Tuesday, April 6, 2010

How do bilingual writers express themselves better?

Those of you who've met me or have read my bio details  know I'm Greek. You must also know I'm a Greek teacher of English. After twenty years of teaching, even more years of speaking and reading English literature and reference books (thanks to my ongoing postgraduate studies) I have become bilingual.
The most important thing is I think in English. My inner voice is English, not Greek. Pointing this out does not imply in any way that I disdain my native language; quite the contrary. But my tendency to select English is a fact I cannot ignore.
In the past I tried to write my stories in Greek. The ideas were there, the story was flowing in my mind, but when my pen touched the paper there was an odd block. I couldn't understand why I wasn't satisfied with the Greek words I read, why it wasn't the same with what I had in mind. That was no self-expression.It gave me no pleasure.
Two years ago I decided to write in English and...a miracle happened. I couldn't stop myself. I relished every page, every word. It's not easy because no matter how good you are in the second language it is hardly possible to use it like native speakers do. That's why I spent months editing my first book (and still I'm insecure about the errors you may find in it). But the bottom line is I wrote an English book I'm really excited about and  not only am I working on the sequel but my notebook is full of notes on two other books I have in mind. Really I have to find an editor next time, but it's okay.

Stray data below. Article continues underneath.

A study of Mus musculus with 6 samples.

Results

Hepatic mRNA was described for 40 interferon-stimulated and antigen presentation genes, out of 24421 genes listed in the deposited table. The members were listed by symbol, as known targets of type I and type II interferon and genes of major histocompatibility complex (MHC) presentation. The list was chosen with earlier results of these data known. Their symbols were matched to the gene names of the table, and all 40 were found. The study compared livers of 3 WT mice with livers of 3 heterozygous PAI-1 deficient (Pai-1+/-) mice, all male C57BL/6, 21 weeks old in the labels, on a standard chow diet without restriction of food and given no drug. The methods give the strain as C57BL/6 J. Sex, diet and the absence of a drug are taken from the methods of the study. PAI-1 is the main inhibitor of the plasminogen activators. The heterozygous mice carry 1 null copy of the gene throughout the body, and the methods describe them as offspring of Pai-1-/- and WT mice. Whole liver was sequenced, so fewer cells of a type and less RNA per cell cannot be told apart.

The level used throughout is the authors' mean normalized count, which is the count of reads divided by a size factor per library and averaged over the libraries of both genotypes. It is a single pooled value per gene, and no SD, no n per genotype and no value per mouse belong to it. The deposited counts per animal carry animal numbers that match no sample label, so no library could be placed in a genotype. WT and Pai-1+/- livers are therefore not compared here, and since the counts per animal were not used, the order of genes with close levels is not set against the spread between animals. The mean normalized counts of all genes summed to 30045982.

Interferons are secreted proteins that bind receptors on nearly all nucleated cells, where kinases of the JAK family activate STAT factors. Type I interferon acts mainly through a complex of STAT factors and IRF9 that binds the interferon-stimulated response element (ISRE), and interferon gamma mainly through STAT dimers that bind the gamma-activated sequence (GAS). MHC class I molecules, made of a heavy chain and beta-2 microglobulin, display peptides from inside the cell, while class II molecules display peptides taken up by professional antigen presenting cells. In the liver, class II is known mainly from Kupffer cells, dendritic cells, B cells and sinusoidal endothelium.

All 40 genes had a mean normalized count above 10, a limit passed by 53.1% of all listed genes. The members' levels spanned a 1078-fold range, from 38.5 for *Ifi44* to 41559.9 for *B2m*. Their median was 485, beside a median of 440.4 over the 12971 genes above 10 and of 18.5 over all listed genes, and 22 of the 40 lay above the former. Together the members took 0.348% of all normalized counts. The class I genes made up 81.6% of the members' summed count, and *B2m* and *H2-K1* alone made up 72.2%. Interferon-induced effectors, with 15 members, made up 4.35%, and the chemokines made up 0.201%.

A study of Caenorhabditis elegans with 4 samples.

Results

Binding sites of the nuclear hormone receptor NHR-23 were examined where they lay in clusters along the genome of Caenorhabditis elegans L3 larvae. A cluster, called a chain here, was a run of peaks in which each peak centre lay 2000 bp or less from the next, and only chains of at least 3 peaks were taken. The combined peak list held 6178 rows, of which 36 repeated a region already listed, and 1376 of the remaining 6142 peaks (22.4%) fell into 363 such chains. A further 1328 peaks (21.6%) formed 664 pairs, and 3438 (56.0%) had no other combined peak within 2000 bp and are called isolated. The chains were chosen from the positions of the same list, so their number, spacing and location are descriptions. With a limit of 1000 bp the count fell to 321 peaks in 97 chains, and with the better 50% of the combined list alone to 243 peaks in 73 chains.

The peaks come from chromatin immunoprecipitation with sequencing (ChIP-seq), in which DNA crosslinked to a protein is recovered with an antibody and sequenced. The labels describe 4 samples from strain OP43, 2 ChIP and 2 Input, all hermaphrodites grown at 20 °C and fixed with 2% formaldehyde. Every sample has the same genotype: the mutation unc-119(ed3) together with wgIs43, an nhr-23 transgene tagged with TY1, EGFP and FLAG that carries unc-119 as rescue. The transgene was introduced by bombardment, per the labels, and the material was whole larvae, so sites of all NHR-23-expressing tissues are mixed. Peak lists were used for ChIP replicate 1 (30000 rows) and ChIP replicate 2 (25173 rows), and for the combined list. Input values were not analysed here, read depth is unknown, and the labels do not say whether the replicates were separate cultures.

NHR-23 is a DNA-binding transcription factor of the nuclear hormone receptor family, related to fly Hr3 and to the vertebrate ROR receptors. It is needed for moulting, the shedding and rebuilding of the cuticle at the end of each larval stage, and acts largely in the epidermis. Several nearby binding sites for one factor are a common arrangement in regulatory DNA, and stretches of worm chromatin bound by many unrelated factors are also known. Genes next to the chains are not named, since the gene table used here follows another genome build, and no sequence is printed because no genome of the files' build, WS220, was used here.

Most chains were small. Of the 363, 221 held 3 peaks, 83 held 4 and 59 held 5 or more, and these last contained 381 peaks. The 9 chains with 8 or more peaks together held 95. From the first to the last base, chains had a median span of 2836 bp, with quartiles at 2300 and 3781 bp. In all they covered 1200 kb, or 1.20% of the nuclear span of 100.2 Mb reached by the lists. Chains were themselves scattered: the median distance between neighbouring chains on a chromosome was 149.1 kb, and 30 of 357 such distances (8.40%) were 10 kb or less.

1. I find it very interesting that you prefer to write in English. I wonder why? Does English offer options Greek does not?

    love your picture above btw :)

  2. Greek is famous for the countless words it includes. Words that often have no equivalent in other languages, for instance the greek word "filotimo" to which the US President referred to the other day. Also, if you search the etymology of many english words you'll be surprised to find how many of them derive from greek. Yet, I have difficulties in expressing myself in greek. I could say my inhibition is mostly based on social/ pychological reasons.Where I come from (rural, greek area) being an aspiring writer is not common, you see, and I can think of a lot of people I know who'd laugh behind my back . Or it may be a matter of culture as through time I I've come to feel closer to foreign culture. I wonder if thereare others like me out there.